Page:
Release notes for February 25, 2008 build


First off, the smaller stuff.

Bug fix: clicking metadata song title link with quotes in it used to take user to an empty search page.

Bug fix: when the album title is blank in IE (IE6 & 7, winXP and Vista) a blank tooltip was displayed.

Added "Get this player" link to give the user a path back to the player home page.

Opera and Linux are now X-grade (player might work) instead of C-grade (player won't even load). There will be bugs, but it's better to open up and find them than stay closed and not know.

========Edit

Second, the big goodie for this release: we can now render media using the Windows Media Player and Quicktime plugins. Previously we could only use Flash. As before, the engine we're using isn't visible. Whatever the media type and player plugin we're using, the UI is the same.

Why?

WMP and Quicktime support a lot of media types that Flash doesn't. We can now make these types play back in the browser just as easily as MP3. This enables publishers who prefer those types to use them without any additional work. It's a big project to debug this kind of code, so on a practical level this functionality was inaccessible for most publishers.

WMP and Quicktime are both pluggable, unlike Flash. We can now play back media types supported via an add-on system codec (on Windows) or a Quicktime plugin. For example, there are Ogg Vorbis and Ogg FLAC plugins for both WMP and Quicktime. It is possible for a publisher to write code that takes advantage of these plugins, but on a practical level it is too much work to make sense, so publishers avoid it.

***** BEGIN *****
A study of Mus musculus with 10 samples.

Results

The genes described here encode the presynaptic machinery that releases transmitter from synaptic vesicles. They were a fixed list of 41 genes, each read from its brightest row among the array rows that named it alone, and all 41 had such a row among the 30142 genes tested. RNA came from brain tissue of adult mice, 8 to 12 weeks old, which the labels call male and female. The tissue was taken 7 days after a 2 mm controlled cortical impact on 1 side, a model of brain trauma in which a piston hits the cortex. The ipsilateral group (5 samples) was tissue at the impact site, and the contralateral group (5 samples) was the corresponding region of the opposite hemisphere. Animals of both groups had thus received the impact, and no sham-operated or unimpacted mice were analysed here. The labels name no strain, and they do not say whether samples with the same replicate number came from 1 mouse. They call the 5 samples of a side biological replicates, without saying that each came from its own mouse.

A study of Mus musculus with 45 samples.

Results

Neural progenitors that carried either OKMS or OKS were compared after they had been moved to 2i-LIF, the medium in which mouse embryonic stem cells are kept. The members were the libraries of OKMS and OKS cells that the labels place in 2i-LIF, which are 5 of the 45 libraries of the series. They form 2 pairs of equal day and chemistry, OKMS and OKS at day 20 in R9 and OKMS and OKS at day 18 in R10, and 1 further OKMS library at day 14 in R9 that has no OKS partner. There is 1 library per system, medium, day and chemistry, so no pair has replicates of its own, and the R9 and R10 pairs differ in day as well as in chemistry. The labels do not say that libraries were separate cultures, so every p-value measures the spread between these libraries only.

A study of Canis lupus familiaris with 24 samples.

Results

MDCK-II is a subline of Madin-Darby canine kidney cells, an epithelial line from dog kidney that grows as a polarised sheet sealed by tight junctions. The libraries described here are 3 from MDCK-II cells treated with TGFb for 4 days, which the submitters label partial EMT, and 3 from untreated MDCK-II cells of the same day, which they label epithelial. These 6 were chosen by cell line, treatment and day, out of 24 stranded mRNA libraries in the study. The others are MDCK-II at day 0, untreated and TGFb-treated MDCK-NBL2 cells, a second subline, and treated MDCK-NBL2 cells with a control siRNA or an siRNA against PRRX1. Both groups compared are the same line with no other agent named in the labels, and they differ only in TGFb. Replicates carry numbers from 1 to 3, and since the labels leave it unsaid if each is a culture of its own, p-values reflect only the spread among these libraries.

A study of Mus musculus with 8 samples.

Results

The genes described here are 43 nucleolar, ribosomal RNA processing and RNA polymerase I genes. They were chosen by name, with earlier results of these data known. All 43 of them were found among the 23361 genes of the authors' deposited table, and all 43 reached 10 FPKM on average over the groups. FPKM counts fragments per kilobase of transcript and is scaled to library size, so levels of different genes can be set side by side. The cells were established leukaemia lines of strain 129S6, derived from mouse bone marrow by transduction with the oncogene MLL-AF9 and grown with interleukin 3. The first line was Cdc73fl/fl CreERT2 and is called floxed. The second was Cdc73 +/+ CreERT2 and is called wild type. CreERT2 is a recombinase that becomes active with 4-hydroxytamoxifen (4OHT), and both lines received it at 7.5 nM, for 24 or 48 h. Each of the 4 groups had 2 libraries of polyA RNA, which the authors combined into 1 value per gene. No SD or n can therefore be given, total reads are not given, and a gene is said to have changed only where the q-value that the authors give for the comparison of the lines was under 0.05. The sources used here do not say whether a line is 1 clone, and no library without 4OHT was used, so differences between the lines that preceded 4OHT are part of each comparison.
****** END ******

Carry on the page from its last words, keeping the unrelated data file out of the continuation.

Lastly, WMP, Quicktime, and Flash are interchangeable when they support the same media types. This allows us to use whatever plugin is best for the job, or to skip a media item if there is absolutely no way to get it to play back.

When you put these three features together, you get some radical but subtle new abilities.

  • We can play back free formats like the Oggs if the user's system can support them, but without users who don't have the plugin getting a nasty error message.
  • We can play back MIDI and WAV on both Windows and Mac with the same user-friendliness as MP3. MIDI is an enduring media type that will probably stick around for a while, and there are a huge number of WAV files up on the net from the 90s.
  • We can combine different plugins within a single playlist to do things that are physically impossible otherwise. For example, we can mix MIDI and FLV in a single playlist.
  • We can play back Windows Media on Mac using the Flip4Mac plugin in Quicktime. (Though there is a noticeable pause while Flip4Mac starts up).


CAVEAT EMPTOR: this functionality was a seriously difficult piece of engineering, and we are already finding serious bugs. Keep your expectations low until the code matures a bit, and don't even think of using this build on a production site.

=Edit

One more new feature to note is the "find in page" button. In the player next to the song title, you'll see a circle with crosshairs. Clicking on this icon will scroll the page to the location of that song in the page. If you're listening to a page with a long list of songs and lose track of where you are, simply click this icon and we'll show you exactly where on the page that song lives.